This featured guest article presented by Avalara.
In the equally dynamic world of sales and use tax, innovative companies can easily create or encounter new or unexpected sales tax collection obligations. Offering new products or services, selling through new channels, or changing delivery methods can all affect sales tax.
New Products or Services
New products and services can lead to new markets — and new sales tax collection obligations (sales tax nexus).
You can trigger nexus by attending or participating in a trade show in another state, particularly if you take orders or spend a certain number of days there. Nexus can also be created if you compensate businesses in another state for referring customers to you.
Most alarming, thanks to state economic nexus laws it’s now possible to establish a sales tax collection obligation in another state simply by making significant sales there.
It can be challenging to figure out where you have sales tax nexus because sales tax nexus laws vary by state. But once you have it, you must register with the state and collect and remit tax on all taxable sales in that state — including online sales.
But what sales are taxable? Unfortunately, there’s no easy answer: What’s exempt in one state may be taxable in another. Making matters more complex, taxability rules are subject to change. For example, a growing number of states are choosing to exempt tampons and diapers but impose extra taxes on soda.
Before launching a new product or service, review sales tax nexus and product taxability rules in states where you plan to sell.
If you’re branching out from a brick-and-mortar store to the wide world of ecommerce, pack your sales tax calculator and get ready for an adventure. Most states with a general sales tax require remote retailers to collect and remit state and local sales tax. With more than 12,000 different local tax jurisdictions nationwide, that can lead to some serious headaches.
Seasoned online retailers moving products into brick-and-mortar stores may also confront new or different tax obligations, such as handling sales tax refunds for items purchased online and later returned to a store located in a different tax jurisdiction.
Companies looking to sell through a marketplace facilitator like Amazon, Etsy, or Walmart should be aware that states are increasingly requiring these facilitators to collect and remit sales tax on their behalf. More than 38 states have adopted marketplace facilitator measures, including the big states of California, New York, and Texas.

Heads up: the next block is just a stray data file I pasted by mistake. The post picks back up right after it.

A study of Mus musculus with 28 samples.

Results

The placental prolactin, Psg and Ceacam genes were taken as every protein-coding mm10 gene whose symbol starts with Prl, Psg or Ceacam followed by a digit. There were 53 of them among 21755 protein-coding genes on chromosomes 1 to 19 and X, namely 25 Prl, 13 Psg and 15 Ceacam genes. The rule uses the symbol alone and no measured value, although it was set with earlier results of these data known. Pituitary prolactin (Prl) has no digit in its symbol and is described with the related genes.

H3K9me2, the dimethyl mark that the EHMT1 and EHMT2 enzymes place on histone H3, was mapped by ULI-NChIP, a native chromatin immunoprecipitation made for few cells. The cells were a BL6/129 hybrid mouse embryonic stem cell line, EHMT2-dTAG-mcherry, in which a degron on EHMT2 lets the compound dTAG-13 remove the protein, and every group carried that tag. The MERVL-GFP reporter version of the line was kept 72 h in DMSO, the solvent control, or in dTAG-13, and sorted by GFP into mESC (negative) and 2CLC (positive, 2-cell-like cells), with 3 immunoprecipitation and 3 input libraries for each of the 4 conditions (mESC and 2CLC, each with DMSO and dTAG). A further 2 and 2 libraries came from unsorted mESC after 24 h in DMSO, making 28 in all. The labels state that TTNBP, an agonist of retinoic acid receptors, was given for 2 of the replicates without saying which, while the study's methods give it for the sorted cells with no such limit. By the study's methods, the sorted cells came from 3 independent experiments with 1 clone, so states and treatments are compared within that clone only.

Unfortunately, marketplace facilitator laws don’t automatically free third-party sellers from registration and filing requirements.
Before selling through a new channel, assess how it could impact your sales tax nexus.
New Delivery Methods
As you grow, developing more efficient delivery methods may become essential. One popular option is to outsource deliveries by drop shipping goods through a third-party fulfillment center. However, if the fulfillment centers or drop shippers are in a different state, companies may be obligated to collect and remit sales taxes in that state.
To gain greater control over shipping, some companies use company-owned vehicles. While this has many potential benefits, it generally triggers a sales tax collection obligation in the states where deliveries are made.
Before investing in a new fleet of trucks or contracting with a drop shipper, gauge the impact these choices will have on your nexus footprint.
It’s becoming increasingly hard to grow a business in any direction without bumping into new nexus laws. Nonetheless, businesses must continually innovate, grow their market, and find more efficient methods of delivery — ideally without incurring costly audit fines and penalties (Wakefield Research estimates the average cost of an audit is $300,000).
It’s incumbent upon each business to properly identify and manage its nexus responsibilities. Understanding and planning for nexus will help reduce audit risk whether a business transacts in one state, through one channel, or across multiple states and multiple channels. But tax compliance is tricky.
Automated, cloud-based tax compliance services help companies around the world balance the demands of diverse, ever-changing sales and use tax rates and rules by:
- Cross-checking and updating rates, rules, and jurisdictional boundaries daily
- Providing real-time rate calculations
- Carefully managing sales tax exemption certificates
- Collecting sales and use tax
- Filing returns and remitting payments to appropriate jurisdictions
As you explore automated tax solutions, be sure to look for one that integrates seamlessly with your current financial software or application — and one that can stay relevant as your business grows and encounters new and more complex tax situations.